Bopping with Niall JP O'Leary

Niall O'Leary insists on sharing his hare-brained notions and hysterical emotions. Personal obsessions with cinema, literature, food and alcohol feature regularly.

Wednesday, May 27, 2009

Drag Me to Hell

Just one of those days - Drag Me to Hell

It happens all the time. You're having a bad day, when to top it off, you get on the wrong side of an old gypsy woman. She curses you and what do you know, next thing you're seeing demons. Worse, in three days time one of them's going to drag you down to Hell. Hell, I've been there three times this month!

Firstly let's just put things in context. Sam Raimi has long been regarded as a horror maestro principally on the basis of his 'Evil Dead' trilogy. Common wisdom goes that the first 'Evil Dead' was an out-and-out horror, a video nasty of the time, while 'Evil Dead II' was a remake played for laughs. I tend to disagree. I laughed throughout the first film (excepting one obvious scene involving a tree, a scene I still regard as in very, very questionable taste), though not so much as during the sequel. Much has been made of his love of the Three Stooges and it's true that you cannot watch pretty much any of his movies without some reference to their particularly violent brand of slapstick cropping up (even 'A Simple Plan' probably has something somewhere). The 'Evil Dead' films are riddled with it. For me then Raimi is NOT a great horror director, but someone who has a talent for a peculiar form of black comedy.

After the debacle of 'Spiderman III', Raimi's new film, 'Drag Me To Hell', has been hailed as a mean, lean return to form. The script is credited to Sam and brother Ivan, but that for me does not necessarily bode well. Whatever about his direction, screenwriting is not Sam's forte, and judging by 'Spiderman III', it's not Ivan's greatest strength either. What's more, that double credit hides that fact that it's pretty much a steal of Jacques Tourneur's classic, 'Night of the Demon', itself an adaptation of M.R. James's 'Casting the Runes'. It even 'borrows' Tourneur's final train station scene.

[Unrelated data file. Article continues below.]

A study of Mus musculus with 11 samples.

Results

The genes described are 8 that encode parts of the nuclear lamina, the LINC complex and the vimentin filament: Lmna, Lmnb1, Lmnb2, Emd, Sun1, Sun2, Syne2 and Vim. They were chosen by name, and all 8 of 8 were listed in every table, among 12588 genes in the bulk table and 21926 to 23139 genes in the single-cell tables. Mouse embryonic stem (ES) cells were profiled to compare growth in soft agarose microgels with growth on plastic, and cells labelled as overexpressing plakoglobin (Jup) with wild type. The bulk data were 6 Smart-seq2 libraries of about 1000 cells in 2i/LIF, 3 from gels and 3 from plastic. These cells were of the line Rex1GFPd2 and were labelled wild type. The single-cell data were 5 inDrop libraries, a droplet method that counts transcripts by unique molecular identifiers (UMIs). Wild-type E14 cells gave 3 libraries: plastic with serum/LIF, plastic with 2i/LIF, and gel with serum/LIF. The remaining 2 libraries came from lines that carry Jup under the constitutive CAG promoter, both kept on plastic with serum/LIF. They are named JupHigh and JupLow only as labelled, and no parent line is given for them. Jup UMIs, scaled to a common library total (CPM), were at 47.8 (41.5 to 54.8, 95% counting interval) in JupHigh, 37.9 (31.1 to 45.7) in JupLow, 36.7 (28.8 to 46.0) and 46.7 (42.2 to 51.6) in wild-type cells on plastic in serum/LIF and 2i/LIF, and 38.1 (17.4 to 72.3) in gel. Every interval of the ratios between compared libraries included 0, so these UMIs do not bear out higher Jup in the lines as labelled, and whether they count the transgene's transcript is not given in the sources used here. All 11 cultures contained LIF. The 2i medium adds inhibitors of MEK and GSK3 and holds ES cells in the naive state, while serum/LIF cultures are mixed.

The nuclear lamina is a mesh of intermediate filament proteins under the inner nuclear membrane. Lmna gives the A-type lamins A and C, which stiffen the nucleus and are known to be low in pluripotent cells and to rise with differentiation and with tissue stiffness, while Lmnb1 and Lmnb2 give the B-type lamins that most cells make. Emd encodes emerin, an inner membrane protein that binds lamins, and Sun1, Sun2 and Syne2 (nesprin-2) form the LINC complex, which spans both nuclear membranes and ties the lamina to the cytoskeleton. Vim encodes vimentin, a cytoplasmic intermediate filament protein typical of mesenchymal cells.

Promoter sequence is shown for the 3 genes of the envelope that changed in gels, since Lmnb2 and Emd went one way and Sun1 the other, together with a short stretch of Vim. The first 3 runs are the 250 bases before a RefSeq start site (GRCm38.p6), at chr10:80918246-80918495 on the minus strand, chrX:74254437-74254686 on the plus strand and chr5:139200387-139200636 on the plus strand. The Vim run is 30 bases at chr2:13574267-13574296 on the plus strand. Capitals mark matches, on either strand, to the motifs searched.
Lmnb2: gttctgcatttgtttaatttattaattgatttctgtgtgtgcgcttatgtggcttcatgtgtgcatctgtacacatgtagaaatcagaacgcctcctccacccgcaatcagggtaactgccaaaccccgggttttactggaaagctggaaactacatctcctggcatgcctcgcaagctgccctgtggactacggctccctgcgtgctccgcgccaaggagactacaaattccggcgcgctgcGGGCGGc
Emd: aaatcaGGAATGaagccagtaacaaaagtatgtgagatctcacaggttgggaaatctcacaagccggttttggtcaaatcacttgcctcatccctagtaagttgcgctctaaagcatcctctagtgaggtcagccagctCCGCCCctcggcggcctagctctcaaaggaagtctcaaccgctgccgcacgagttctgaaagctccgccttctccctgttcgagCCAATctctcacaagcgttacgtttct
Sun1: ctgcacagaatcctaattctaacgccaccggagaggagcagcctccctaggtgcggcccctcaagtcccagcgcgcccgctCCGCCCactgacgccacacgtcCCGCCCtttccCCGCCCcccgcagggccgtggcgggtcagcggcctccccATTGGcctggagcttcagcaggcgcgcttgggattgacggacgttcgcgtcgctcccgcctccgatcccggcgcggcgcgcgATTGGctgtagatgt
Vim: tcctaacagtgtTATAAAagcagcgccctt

Reference, reference, reference! For the critics, it's really all about references, all to Raimi's back catalogue and, via that, to much of Hollywood's B-movie history. I mean the plot hinges around an old gypsy woman for crying out loud! How many Universal horror flicks does that cover? ('The Wolf Man', 'House of Dracula', to name but two.) In essence Raimi goes back to all the old tricks that made the 'Evil dead' series so exhuberant, with Alison Lohman standing in for Bruce Campbell as the terrorised Laurel to the demons' Hardy. We get white-eyed cackling hag demons, popping eyeballs, floating (not to mention dancing) possessed monsters, projectile vomit (and maggots) and all the other demonic tricks. However, lest we forget the slapstick origins of all this (silly) gore, we also get falling anvils, sacrificed kittens and the deliriously entertaining spectacle of a woman attempting to gum someone to death. I laughed out loud more than once. Raimi uses familiar camera tricks too, like Demon-cam or the background fade so common in 'Spiderman' and 'Darkman'. As to scares though, it's really all about loud noises and boo-type shocks. Raimi's is an "I'll huff and I'll puff" approach, a blustering technique signalled from the outset with EC Comics style graphics and a wildly over-the-top score by Christopher Young.

What I'm building up to here is that 'Drag Me to Hell' is in no way original and about as scary as 'Abbott and Costello meet the Wolfman'. It's also very enjoyable in an adolescent way. Certainly the audience I was with were primed for jumping and jumped a lot. Who cares that Raimi is doing absolutely nothing new or that his gothic trappings and foul-mouthed creatures belong more in Eddie Murphy's Disney vehicle, 'The Haunted Mansion', than a grown-up movie (like 'Let the Right One In', for instance). If it weren't for the popping eyeballs and spewed maggots, Raimi might be making a family movie like, eh, 'Spiderman'.

On the way out of the cinema a girl behind me made an astute observation: "There were no surprises, but then sometimes a movie doesn't have to have any surprises." Nicely put.